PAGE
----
Tuesday, May 29, 2012

In case you're wondering...

The real-life name of Posh Place is BeanTree Learning. Muffin Man has gone there for over six years, and will be there again for a few weeks this Summer. I can't say enough good things about their pre-school, pre-K, and Kindergarten programs. And their after-school program is also terrific, with time for homework and reading, as well as playing outside and messing about with Lego.

Six and a half years later, I could have written this post yesterday. They take child care seriously.

If you live in Loudoun or western Fairfax and you're looking for a daycare program for your child, infant through 5th grade, you can not do better than BeanTree Learning. But don't take MY word for it:

Portrait of a happy camper
Muffin Man gives it two BAWKS up.

Tuesday, May 22, 2012

A post to make you jealous about my lunch

Yesterday, when I got home from work, Mr. Spock and Muffin Man were in the kitchen and the house smelled terrific.

"What are you making?" I asked.

"MEATBALLS!" MM said quite proudly. "Did you know that meatballs are basically all the ingredients for veal cutlet, only you mush it all together?*"

"It smells fantastic. Can I help with anything?"

"No, we have this covered," he said nonchalantly. "You could set the table though, and you're going to have to clear the table ALL BY YOURSELF because you're the only one not cooking."

"That's the rule, all right."

So we had the most delicious and beautiful Swedish meatballs I have ever had in my life, served with noodles and Brussels sprouts.

And we're all having them again for lunch today.

*Muffin Man was in charge of measuring and post-egg-addition mixing. Mr. Spock rolled one meatball as a model, and MM did the remaining 35.
MS did all the heat-related activity since there were four things going on at once. And I am a bad, bad blogger because I forgot to take any pictures.

Friday, May 18, 2012


Palms by Doorbell Queen
Palms, a photo by Doorbell Queen on Flickr.

16 years ago today, Mr. Spock and I got married.

11 years ago today, we celebrated our anniversary by taking this picture.

I love you, Mr. Spock. I love our life together, and I love our son.

Happy Anniversary.

Tuesday, May 08, 2012

Maurice Sendak Died

Here is James Gandolfini reading In the Night Kitchen at the 92nd Street Y on Maurice Sendak's 80th birthday:

In the Night Kitchen is often challenged or banned, but it is one of my favorite books of all time.

Monday, May 07, 2012

What I've been reading, OMG I love my Kindle edition

The latest books in several series came out, and I got 'em that very day sent to my lovely lovely Kindle,

  • Nancy Atherton's Aunt Dimity and the Village Witch, which had less Aunt Dimity than usual, but more of the Village, and I think is one of the best entries in this long-running and delightfully cozy series. If you haven't read any of the books yet, start with Aunt Dimity's Death.
  • I was super thrilled with the latest books by Margaret Maron and Dana Stabenow, two of my favorite contemporary Mystery authors both had a similar idea: they each write two series and they had the detectives from both series meet and work together! I was particularly happy with how Maron brought together Judge Deborah Knott and Lt. Sigrid Harald in Three Day Town. She hadn't written about Sigrid in a long time, but she was able to interact while still being true to their characters. Stabenow has Sgt. Liam Campbell hire Kate Shugak in Restless in the Grave to investigate a sensitive case that may or may not be murder. Such fun to read while she points up the similarities in their lives.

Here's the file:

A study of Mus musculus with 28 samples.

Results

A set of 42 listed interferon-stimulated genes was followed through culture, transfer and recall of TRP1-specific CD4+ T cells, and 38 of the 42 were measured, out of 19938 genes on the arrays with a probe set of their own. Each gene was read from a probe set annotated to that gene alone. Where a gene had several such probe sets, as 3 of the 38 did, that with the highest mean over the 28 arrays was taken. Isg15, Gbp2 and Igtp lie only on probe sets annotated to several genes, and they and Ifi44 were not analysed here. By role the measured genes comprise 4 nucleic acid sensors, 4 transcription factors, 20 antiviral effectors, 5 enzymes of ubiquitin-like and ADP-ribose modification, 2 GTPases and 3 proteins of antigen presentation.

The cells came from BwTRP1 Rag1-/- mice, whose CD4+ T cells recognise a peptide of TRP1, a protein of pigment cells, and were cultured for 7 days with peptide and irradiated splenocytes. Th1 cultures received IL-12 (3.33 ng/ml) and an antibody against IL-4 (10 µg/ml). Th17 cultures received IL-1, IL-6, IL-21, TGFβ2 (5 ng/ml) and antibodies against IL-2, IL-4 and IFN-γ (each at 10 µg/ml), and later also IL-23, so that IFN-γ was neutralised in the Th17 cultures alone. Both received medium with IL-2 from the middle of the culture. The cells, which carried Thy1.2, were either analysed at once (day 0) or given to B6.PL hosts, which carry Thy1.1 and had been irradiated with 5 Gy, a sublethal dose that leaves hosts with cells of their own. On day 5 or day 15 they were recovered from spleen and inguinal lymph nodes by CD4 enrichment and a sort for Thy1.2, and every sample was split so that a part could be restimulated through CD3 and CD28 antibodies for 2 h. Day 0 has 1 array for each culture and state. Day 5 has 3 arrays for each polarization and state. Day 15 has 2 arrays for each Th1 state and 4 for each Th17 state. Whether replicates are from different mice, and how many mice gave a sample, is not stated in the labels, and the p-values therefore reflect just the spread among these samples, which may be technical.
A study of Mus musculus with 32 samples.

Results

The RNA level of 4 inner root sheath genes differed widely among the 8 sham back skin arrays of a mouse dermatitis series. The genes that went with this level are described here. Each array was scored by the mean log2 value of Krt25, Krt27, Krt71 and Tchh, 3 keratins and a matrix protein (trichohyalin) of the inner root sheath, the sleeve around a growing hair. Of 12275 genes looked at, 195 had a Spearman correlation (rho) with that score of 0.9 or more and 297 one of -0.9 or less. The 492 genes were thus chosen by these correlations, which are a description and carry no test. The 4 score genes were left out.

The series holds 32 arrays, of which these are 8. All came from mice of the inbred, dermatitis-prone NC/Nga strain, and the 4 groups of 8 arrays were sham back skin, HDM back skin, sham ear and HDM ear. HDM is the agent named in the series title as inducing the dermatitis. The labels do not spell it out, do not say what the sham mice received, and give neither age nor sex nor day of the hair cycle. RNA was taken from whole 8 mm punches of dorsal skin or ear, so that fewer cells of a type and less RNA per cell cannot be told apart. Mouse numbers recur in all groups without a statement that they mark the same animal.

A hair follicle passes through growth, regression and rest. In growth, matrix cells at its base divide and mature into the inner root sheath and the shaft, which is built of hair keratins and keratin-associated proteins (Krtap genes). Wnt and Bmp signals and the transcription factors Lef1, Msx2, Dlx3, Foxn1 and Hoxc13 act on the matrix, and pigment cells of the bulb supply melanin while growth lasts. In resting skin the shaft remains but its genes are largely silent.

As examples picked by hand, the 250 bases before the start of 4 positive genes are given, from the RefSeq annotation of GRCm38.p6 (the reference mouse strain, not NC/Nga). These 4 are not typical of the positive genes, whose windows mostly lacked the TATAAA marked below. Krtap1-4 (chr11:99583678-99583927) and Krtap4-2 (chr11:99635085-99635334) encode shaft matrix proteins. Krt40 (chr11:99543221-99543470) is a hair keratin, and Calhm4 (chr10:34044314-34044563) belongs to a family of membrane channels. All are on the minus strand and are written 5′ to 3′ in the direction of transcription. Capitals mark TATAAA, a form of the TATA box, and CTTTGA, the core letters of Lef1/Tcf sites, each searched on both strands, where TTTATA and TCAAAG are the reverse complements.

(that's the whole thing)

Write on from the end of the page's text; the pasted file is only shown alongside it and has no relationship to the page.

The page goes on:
•  The newest book in the Sookie Stackhouse series by Charlaine Harris, Deadlocked, is good, but not the best in the series. I get the feeling that Harris needs to take a break from these characters so that she can come back to them fresh.
  • Insurgent, the sequel to Veronica Roth's dystopian young adult novel, Divergent, came out last week. And it is very good, though less strong than her first book. Very sincere, written in the first-person present, which can be jarring at times, but definitely worth a read.
  • Out of the Deep I Cry, the latest in the Clare Fergusson and Russ Van Alstyne series by Julia Spencer-Fleming, satisfyingly solves two mysteries at once. One from the present, and one from the Prohibition Era past. Includes a reminder of why vaccinations are important.

I've also read several non-series books:
  • 7th Sigma by Steven Gould - very richly written YA novel about the future old west when a species of metal eating bug makes it impossible for people to use technology in the infested areas.
  • I generally love Walter Jon Williams' work, but The Fourth Wall was a difficult read for me. The main character is deeply unpleasant. But it is worth powering through it, because the story is imaginative, intricate, and the unpleasantness of the main character is crucial to the story. Nonetheless, it wasn't a book I think I'll read again anytime soon. Unlike his House of Shards, which I've read several times since I first found it in college.
  • And I don't remember if I told you all about One Thousand White Women. It's an historical novel about an historical event that never occured. Written in diary form, it is fascinating, engrossing, and believable. 
  • Also, Reginald Hill died recently, and I've been reading and re-reading everything he ever wrote. I can't recommend his work enough. The Woodcutter is his latest, and it was awesome.